Ending child marriage critical to achieving Sustainable Development Goals

News Hour:

As the world marks International Day of the Girl Child on 11 October, Girls Not Brides is calling upon the international community to prioritize investments to end child marriage, stressing that ending the practice is critical to achieving the Sustainable Development Goals (SDGs).

Lakshmi Sundaram, Executive Director of Girls Not Brides

Lakshmi Sundaram, Executive Director of Girls Not Brides, said eight of the 17 SDGs could not be achieved without significant progress to end child marriage, including those related to poverty, health, education, nutrition, food security, inequality and economic growth. Girls Not Brides is a global partnership of more than 800 civil society organizations from over 95 countries committed to ending child marriage and enabling girls to fulfill their potential.


“A lack of attention to child marriage held us back from reaching six of the eight Millennium Development Goals. It’s vital that we don’t make the same mistake again,” said Ms. Sundaram. “Child marriage is not just a gross human rights violation, it also prevents us from achieving many other development goals. How can we make progress on education, health or gender equality, for example, when so many girls are married off, kept out of school, have children before they are ready, and exposed to violence and exploitation?”

Across the world, 15 million girls are married each year before the age of 18. Evidence shows that ending child marriage will catalyze efforts towards achieving the SDGs by improving educational attainment, income and maternal and child health. A recent study by the World Bank and International Center for Research on Women found that the practice costs the global economy trillions of dollars.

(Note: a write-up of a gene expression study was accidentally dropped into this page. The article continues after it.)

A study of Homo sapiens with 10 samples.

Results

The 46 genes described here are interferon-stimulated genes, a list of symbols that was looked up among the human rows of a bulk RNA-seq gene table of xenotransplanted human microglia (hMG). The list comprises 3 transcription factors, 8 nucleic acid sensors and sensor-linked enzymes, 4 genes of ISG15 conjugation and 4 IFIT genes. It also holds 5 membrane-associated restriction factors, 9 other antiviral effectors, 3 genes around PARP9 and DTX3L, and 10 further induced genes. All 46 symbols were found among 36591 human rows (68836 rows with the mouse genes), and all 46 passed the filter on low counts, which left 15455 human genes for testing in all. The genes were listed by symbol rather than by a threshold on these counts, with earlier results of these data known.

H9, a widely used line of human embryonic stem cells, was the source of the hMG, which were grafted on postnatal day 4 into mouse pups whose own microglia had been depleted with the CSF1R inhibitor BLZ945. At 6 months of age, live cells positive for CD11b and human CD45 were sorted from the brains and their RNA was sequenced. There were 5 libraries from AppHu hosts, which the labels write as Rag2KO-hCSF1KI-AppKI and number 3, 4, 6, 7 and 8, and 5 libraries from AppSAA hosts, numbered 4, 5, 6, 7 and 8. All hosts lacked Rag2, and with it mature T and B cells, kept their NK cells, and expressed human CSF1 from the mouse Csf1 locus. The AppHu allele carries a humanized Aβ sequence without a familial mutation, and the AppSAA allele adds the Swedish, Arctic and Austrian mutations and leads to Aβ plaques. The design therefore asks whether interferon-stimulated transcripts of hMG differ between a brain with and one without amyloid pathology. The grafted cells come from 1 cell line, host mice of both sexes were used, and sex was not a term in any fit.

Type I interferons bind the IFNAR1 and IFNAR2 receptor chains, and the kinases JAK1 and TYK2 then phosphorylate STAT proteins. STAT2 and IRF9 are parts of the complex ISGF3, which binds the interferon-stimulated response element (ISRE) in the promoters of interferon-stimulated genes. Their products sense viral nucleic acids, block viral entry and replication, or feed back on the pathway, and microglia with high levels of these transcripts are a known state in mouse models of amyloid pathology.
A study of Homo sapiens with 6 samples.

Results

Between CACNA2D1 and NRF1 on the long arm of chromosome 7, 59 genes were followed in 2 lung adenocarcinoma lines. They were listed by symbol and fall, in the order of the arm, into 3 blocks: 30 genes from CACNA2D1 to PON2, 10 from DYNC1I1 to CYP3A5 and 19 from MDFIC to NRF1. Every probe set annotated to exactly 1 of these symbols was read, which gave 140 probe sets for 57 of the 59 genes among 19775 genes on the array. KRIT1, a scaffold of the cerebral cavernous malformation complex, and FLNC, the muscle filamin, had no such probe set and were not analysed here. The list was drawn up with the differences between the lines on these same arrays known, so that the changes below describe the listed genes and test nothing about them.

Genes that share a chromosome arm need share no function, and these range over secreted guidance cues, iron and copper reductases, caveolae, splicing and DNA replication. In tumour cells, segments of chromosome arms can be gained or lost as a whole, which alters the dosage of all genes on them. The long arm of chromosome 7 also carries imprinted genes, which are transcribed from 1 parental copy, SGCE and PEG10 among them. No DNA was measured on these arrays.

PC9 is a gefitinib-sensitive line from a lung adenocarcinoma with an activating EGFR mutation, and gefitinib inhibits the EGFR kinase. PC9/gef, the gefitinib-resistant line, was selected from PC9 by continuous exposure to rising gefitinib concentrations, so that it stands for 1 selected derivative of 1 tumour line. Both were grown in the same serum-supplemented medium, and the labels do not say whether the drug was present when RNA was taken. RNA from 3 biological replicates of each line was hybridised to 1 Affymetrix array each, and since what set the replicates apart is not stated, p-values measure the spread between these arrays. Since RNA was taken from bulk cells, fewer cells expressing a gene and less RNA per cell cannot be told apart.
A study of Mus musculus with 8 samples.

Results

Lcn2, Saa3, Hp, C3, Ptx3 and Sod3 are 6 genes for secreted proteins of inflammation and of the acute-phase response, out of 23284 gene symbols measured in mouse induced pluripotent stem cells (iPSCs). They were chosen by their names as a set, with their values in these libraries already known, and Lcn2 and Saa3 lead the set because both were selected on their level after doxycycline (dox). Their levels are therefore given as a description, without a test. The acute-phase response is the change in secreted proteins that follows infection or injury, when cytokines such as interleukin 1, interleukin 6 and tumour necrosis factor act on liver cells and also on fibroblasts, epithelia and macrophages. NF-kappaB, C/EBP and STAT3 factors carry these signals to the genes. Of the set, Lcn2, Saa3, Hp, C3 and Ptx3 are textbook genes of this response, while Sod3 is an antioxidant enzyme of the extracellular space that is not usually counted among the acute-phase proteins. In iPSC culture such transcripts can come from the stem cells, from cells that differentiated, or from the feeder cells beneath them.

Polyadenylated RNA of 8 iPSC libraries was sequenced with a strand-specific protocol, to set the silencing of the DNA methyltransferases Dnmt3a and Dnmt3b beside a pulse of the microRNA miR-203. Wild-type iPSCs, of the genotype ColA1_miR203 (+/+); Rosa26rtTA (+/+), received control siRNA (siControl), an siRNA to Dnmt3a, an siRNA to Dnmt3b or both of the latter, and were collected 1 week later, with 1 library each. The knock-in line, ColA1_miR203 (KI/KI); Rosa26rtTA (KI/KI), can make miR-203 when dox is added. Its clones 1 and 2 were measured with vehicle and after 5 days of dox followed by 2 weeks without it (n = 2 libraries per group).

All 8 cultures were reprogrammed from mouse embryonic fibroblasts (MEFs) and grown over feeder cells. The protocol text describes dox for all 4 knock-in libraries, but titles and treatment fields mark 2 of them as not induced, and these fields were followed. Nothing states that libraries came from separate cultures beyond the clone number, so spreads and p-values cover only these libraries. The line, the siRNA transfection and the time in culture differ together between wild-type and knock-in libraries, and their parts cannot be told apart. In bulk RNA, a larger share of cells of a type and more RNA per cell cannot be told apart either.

To illustrate how ending child marriage will help to achieve the SDGs, Girls Not Brides has launched a short film, available online in nine languages.

“Our film shows that child marriage isn’t a niche issue, it’s a key barrier stopping us from achieving half of our development goals,” said Ms. Sundaram. “If we truly want to alleviate poverty and improve the lives of the 15 million girls married every year, ending child marriage must be a global priority.”


Tareq Salahuddin

Dr. Tareq Salahuddin is an award-winning journalist and a Special Correspondent of News Hour. He is a Public Health Professional working in the development sector. Dr. Tareq, a medical graduate, is a member of Public Health Association of Bangladesh and a former member of the Governing Council and Policy Committee of the World Federation of Public Health Associations (WFPHA), a J2J Fellow on HIV/AIDS and a member of the International AIDS Society. To know more about Dr. Tareq, please visit his personal website (www.tareqsalahuddin.net) or simply Google his name.